Join our discussion on Kawanabe Kyōsai’s witty and imaginative art and how it has contributed to today’s manga.
Please note: this is an online event.
Curator Sadamura Koto and manga artist Kutsuwada Chie join Professor of Japanese Arts and Culture, Nicole Coolidge Rousmaniere, in this online event to explore the art of visual storytelling, from Kyōsai to manga.
Kawanabe Kyōsai is among Japan’s most important 19th-century artists. Having learnt from previous masters in Japanese and Chinese art, he combined his classical knowledge and traditional skill with the world of comic and satirical pictures to establish his own style. His witty depictions of contemporary society are now celebrated for bridging popular culture and traditional art. Kyōsai’s dynamic and humorous art continue to influence numerous popular artistic styles today, including the worldwide phenomenon of manga.
In this discussion, our speakers Sadamura Koto, Kutsuwada Chie and Nicole Coolidge Rousmaniere will explore Kyōsai’s exceptional work and how his technique, style and subjects contributed to the roots of modern visual storytelling that is manga today.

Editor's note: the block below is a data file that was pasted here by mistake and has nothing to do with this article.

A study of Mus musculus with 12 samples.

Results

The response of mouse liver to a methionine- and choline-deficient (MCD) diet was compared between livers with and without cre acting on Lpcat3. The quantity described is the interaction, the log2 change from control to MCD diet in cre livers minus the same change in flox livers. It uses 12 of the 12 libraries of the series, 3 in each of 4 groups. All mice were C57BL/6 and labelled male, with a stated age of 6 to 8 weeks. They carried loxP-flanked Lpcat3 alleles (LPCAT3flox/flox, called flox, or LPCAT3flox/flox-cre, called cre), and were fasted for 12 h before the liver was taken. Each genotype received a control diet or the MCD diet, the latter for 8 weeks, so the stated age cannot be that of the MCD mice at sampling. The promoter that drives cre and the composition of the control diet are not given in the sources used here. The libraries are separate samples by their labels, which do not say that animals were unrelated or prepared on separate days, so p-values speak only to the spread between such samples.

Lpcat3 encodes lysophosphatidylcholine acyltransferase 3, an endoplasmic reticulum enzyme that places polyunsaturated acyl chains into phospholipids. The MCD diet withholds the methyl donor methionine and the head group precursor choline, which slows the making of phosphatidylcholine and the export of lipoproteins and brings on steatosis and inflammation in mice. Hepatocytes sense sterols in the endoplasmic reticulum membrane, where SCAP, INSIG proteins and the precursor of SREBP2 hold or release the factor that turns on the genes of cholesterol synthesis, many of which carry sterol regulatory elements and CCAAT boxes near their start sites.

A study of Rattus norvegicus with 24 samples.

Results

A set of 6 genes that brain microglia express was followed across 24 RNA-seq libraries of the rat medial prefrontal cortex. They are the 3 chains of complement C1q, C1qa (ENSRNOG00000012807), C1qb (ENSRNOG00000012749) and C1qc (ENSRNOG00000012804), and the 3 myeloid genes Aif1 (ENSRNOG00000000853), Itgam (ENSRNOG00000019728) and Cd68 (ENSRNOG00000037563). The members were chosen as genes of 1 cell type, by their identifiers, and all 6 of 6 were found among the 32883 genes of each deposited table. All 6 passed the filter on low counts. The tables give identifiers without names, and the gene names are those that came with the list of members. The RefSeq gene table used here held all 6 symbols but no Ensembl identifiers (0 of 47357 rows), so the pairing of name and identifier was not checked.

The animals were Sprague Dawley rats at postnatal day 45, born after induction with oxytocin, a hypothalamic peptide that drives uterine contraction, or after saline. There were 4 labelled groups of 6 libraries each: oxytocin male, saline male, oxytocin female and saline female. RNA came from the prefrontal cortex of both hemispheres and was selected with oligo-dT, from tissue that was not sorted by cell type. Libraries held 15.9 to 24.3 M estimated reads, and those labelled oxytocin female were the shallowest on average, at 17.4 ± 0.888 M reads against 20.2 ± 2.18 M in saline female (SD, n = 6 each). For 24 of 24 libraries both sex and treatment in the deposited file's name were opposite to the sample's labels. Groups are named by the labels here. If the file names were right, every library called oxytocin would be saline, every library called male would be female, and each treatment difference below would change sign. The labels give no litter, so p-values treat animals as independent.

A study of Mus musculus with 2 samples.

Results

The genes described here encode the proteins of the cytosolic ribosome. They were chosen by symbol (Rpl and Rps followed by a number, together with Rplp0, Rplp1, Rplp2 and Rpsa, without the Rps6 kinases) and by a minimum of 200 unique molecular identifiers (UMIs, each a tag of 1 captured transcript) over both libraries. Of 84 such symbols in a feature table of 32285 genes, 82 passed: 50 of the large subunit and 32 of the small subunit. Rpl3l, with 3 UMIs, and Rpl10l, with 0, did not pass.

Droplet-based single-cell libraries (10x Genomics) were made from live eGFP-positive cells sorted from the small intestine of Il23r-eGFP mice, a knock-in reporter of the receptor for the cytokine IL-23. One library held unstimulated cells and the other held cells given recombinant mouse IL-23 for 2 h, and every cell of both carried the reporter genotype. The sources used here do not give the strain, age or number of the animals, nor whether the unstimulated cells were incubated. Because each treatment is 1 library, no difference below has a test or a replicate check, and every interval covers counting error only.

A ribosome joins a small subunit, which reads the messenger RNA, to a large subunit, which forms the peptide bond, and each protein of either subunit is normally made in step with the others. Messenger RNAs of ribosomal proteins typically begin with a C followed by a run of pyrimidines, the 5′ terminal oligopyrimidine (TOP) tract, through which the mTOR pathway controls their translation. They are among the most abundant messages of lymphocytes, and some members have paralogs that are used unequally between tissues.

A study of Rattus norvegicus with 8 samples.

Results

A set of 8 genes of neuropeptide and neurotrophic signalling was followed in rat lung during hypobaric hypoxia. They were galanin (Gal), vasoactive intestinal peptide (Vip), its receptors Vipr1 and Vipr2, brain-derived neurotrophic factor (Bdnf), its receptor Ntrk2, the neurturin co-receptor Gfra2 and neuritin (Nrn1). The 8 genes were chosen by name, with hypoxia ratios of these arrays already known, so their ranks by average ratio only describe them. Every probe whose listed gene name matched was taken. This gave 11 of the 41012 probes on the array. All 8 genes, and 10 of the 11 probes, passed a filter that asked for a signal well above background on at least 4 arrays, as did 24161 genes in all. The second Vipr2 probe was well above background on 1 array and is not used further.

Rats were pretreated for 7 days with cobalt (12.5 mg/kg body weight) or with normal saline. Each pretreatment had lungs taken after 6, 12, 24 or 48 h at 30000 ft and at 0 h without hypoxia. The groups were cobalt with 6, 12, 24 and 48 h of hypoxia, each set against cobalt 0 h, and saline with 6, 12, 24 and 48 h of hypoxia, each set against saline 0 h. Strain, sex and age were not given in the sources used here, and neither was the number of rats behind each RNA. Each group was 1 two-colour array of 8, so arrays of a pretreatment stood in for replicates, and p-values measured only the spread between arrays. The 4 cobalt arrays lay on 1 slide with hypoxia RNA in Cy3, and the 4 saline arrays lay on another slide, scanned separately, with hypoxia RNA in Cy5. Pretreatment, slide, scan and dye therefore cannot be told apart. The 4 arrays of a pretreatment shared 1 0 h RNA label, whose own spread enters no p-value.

Sadamura Koto is an art historian specialising in Japanese art of the late 19th century. She is a leading authority on Kawanabe Kyōsai and has published extensively on his work.
Kutsuwada Chie is a Japanese manga artist based in the UK. A graduate of the Royal College of Art in London, she is the creator of King of a Miniature Garden and Moonlight. She also provides illustrations for storywriters and art books including The Book of Five Rings by Musashi Miyamoto and Julian Sedgwick’s novel Tsunami Girl. She regularly leads manga workshops at institutions across the UK.
Nicole Coolidge Rousmaniere is the founding Director and is currently the Research Director at the Sainsbury Institute for the Study of Japanese Arts and Cultures, and Professor of Japanese Arts at the University of East Anglia, Norwich, UK. She was the lead curator on the Citi Exhibition Manga at the British Museum in 2019.
There will be an opportunity for audience questions at the end of the event.
With thanks to the Sainsbury Institute for the Study of Japanese Arts and Cultures
Image: Kawanabe Kyōsai,
Night Procession of One Hundred Demons, 1871–89 (detail of left screen).
Pair of six–panel screens.
Ink and light colour on paper. 146.8 × 310 cm (each). Israel Goldman Collection, London. Photo: Art Research Center, Ritsumeikan University.